Today, France’s Eviden (part of cybersecurity, cloud, and high-performance computing group Atos) and German modular supercomputing company ParTec, announced they had won a contract to provide the very first exascale supercomputer in Europe.
The JUPITER project will cost €500mn in total. The computer itself will cost €273mn and run on Arm architecture SiPearl Rhea processors and Nvidia accelerator technology. It will be operated by the Jülich Supercomputing Centre in Germany.
JUPITER will be the first system in Europe to surpass the threshold of one billion billion calculations per second. The aim is for it to support the development of high-precision models of complex systems, which could help solve questions regarding areas such as climate change, pandemics, and fusion energy. Of course, it would also enable intensive use of AI and analysis of large data volumes.
JUPITER stands for Joint Undertaking Pioneer for Innovative and Transformative Exascale Research (just in case you were wondering). The European High Performance Computing Joint Undertaking (EuroHPC JU) announced the project last year, and put out a call for tenders in January.
But let’s back up for a moment — what exactly is an exascale supercomputer?
One billion billion flops per second
An exascale system, as already mentioned, is a supercomputer or high-performance computing (HPC) system capable of performing a billion billion calculations per second. This is equivalent to one exaflop.
In other words, an exaflop is a measure of performance for a supercomputer that can calculate at least one quintillion (exa-) floating point operations (flop) per second. Meanwhile, an exabyte is a memory subsystem packing a quintillion bytes of data.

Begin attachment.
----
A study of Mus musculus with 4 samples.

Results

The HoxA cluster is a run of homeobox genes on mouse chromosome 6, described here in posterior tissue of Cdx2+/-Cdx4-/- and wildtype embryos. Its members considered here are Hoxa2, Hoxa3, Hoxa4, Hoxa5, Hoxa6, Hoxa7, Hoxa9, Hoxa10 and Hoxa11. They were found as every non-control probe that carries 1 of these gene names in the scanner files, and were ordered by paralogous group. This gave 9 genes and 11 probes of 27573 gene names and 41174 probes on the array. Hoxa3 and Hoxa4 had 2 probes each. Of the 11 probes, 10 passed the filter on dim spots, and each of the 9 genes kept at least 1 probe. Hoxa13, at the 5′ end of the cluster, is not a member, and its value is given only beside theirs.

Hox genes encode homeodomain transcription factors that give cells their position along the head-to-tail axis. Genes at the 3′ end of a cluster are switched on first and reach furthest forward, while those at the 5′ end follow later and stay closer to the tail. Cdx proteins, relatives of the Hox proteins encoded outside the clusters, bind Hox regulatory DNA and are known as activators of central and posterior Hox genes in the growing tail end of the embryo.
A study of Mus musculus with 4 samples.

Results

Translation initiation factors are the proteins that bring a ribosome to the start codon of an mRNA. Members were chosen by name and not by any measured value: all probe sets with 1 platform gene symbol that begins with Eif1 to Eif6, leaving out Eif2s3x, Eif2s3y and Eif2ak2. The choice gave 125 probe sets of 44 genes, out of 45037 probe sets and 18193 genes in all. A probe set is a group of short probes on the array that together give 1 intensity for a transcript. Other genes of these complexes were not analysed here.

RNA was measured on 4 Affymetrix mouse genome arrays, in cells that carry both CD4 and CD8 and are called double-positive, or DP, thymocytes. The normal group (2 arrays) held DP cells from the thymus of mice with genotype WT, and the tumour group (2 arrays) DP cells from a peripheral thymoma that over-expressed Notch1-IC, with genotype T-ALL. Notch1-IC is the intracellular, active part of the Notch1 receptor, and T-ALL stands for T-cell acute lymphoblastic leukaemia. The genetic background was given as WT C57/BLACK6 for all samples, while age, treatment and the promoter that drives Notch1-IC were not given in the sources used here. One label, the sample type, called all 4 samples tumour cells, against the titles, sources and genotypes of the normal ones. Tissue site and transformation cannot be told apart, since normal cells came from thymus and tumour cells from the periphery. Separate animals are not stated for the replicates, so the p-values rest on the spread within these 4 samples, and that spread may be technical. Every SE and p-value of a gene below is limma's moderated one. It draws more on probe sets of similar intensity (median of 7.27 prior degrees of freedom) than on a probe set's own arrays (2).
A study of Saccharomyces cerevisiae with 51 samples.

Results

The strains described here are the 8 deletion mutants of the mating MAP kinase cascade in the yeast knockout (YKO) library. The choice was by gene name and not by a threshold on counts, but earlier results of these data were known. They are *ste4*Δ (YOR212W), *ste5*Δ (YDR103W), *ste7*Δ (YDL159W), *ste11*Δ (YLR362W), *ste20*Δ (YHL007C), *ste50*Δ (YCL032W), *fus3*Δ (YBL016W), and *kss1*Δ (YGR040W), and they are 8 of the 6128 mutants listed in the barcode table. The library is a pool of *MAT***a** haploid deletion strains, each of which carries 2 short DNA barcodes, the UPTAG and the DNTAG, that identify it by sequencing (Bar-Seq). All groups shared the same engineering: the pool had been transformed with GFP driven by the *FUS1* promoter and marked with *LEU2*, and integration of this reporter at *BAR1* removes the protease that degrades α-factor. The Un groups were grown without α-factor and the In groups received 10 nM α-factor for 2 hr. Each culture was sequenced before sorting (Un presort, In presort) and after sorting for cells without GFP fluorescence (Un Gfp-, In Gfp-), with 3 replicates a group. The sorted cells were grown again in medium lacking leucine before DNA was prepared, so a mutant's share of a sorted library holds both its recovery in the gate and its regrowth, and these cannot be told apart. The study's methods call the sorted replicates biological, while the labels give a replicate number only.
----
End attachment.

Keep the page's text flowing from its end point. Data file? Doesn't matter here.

Building and operating exascale systems pose various technical challenges, including power consumption, heat management, scalability, and software optimisation.
The world’s first exascale supercomputer is the Frontier, built by Hewlett Packard Enterprise (HPE) and housed at the Oak Ridge National Laboratory in Tennessee. It was deployed in 2021 and reached full capacity in 2022. It is set to be superseded by El Capitan at the Lawrence Livermore National Laboratory in California, also by HPE. El Capitan will deliver over 2 exaflops when it comes online mid-2024.
Meanwhile, the fastest supercomputer in Europe, owned by the EuroHPC JU, is the Lumi (Large Unified Modern Infrastructure). It sits in the CSC data centre in Kajaani, Finland, began operating in 2021, and can achieve more than 375 petaflops (one thousand million million flops per second), with a “theoretical peak” at 550 petaflops. That makes it the third fastest supercomputer in the world as of June 2022.